Fight Like a Girl

My local paper carried a story today about an elderly lady who still hauls a mean load of firewood, thanks to a childhood on the farm and a career as a pro-wrestler. I have seen a few stories about former roller derby queens but this one was a first. Ann Lake is enshrined in the pro wrestling hall of fame for her feats, along with her sister and former tag team partner. Eventually, her sister retired to raise a family but Ann stayed with the sport until a broken ankle sidelined her.

In one passage, she describes squaring off with her sworn enemy, Slave Girl Moolah:

“She thought wrestling was about beating the daylights out of you,” Lake says. “One night I said to her, ‘I’ve had enough of this. You hit me one more time the way you hit me last time and you better make sure the first (punch) counts, because otherwise you won’t get up.’ She never hit me again.”

An historian writing about Ms. Lake reminds us towards the end of the article what a lot of moxie it took to be a “lady wrestler” 60 years ago in the US:

“They stood outside of the boundaries of the image of what a woman should be (back then),” Burke says. “They had to have a lot of gumption.”


Diseased Minds

It almost does not bear saying, but the various reactions of Americans to the recent Ebola outbreak in West Africa verged on the hysterical and even delusional. There was a case here in Maine of a parent group becoming enraged when they learned a school employee traveled to Texas where there had been one (1) case of Ebola miles away from the location where this person stayed. The parents demanded the staff member be kept away from the school. There were other bits of silliness in our state but the national press honed in on the one involving our governor, who locked horns with a determined nurse who refused an unnecessary quarantine. The Huffingtion Post not only takes my home state’s governor to task in this retrospective about the Ebola scare but also takes a swipe at my alma mater and various other otherwise sensible folks who lost their heads for a time. Huff Po notes that Ebola unfortunately arrived at the peak of the political cycle, causing it to become a tool for those who probably did know better but preferred to pretend otherwise. This episode makes for a good real life study of mob panic that, thankfully, had no justification, at least in this country.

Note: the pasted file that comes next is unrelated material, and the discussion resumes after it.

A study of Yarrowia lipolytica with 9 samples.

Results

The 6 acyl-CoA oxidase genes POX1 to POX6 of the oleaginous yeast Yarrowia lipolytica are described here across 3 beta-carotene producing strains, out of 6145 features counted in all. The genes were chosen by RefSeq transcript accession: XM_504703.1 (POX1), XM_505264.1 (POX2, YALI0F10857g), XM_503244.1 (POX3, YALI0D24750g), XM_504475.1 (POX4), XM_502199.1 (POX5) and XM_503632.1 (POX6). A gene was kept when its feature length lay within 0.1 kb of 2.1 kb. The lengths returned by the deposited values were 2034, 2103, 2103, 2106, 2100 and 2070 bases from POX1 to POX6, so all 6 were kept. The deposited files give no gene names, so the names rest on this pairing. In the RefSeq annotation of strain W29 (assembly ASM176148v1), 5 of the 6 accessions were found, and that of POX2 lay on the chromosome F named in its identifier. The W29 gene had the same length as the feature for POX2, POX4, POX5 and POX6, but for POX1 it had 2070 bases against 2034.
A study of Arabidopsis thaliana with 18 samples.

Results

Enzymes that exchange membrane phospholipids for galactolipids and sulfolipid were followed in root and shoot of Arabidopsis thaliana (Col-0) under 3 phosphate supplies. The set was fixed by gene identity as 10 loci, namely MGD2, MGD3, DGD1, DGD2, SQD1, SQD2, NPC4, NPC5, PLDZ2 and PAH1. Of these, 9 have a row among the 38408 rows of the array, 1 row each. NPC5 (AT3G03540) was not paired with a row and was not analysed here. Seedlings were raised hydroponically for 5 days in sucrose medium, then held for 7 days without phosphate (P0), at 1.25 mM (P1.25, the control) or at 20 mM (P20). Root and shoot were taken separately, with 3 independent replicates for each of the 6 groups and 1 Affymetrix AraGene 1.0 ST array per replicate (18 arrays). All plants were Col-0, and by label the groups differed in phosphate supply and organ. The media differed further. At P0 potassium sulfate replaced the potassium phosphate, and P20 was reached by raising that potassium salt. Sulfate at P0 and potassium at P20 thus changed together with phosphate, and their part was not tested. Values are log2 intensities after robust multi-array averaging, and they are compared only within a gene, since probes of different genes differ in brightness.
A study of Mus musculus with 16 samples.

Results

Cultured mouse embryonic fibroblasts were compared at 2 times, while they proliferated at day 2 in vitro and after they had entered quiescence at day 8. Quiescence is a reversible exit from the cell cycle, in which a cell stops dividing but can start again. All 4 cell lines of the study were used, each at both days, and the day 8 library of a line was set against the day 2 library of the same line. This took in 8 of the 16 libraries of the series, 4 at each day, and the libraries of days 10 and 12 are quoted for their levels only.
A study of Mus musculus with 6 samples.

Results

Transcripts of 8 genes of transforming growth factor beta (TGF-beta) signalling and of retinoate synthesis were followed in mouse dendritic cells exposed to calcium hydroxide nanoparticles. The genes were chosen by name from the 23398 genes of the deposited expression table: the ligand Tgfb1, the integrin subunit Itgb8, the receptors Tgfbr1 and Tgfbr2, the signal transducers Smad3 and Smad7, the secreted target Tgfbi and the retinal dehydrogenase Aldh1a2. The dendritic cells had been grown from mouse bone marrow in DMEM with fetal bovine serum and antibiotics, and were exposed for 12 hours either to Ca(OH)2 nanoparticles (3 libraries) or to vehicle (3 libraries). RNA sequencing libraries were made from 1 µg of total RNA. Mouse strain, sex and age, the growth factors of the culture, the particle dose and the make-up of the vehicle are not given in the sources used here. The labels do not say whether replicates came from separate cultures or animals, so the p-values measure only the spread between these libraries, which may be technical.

A Recipe for Heroics

Central Maine newspapers ran a story today about a man who risked life and limb to hide and help smuggle out Americans on the run from hostage takers in Iran in 1979. The hero, a Thai cook who eventually settled in Western Maine and opened a restaurant, responded to a request from an American diplomat who had given him a job: would he find a place for five embassy employees who ran out a back door when the rebels jumped the fence? The cook, Smojai Sriweawnetr, willingly stowed the five away in the house of another former employer. Eventually, he realized that observant neighbors were growing suspicious of the amounts of food coming into the house and the drawn curtains so he devised another hideout. The new location, however, proved to be too exposed. The group was finally rescued by Canadians, while their Thai guardian struggled to safely extricate himself from a now deadly situation. After a year on the run, a penniless and desperate Smojai finally acquired a ticket to his home country with help from the Swiss embassy. American friends, grateful for his heroism, brought him to the US. If it all sounds like a movie, it is one: Argo. However, that version of the story omitted the entirety of this remarkable story line. Time for someone else to set the record straight.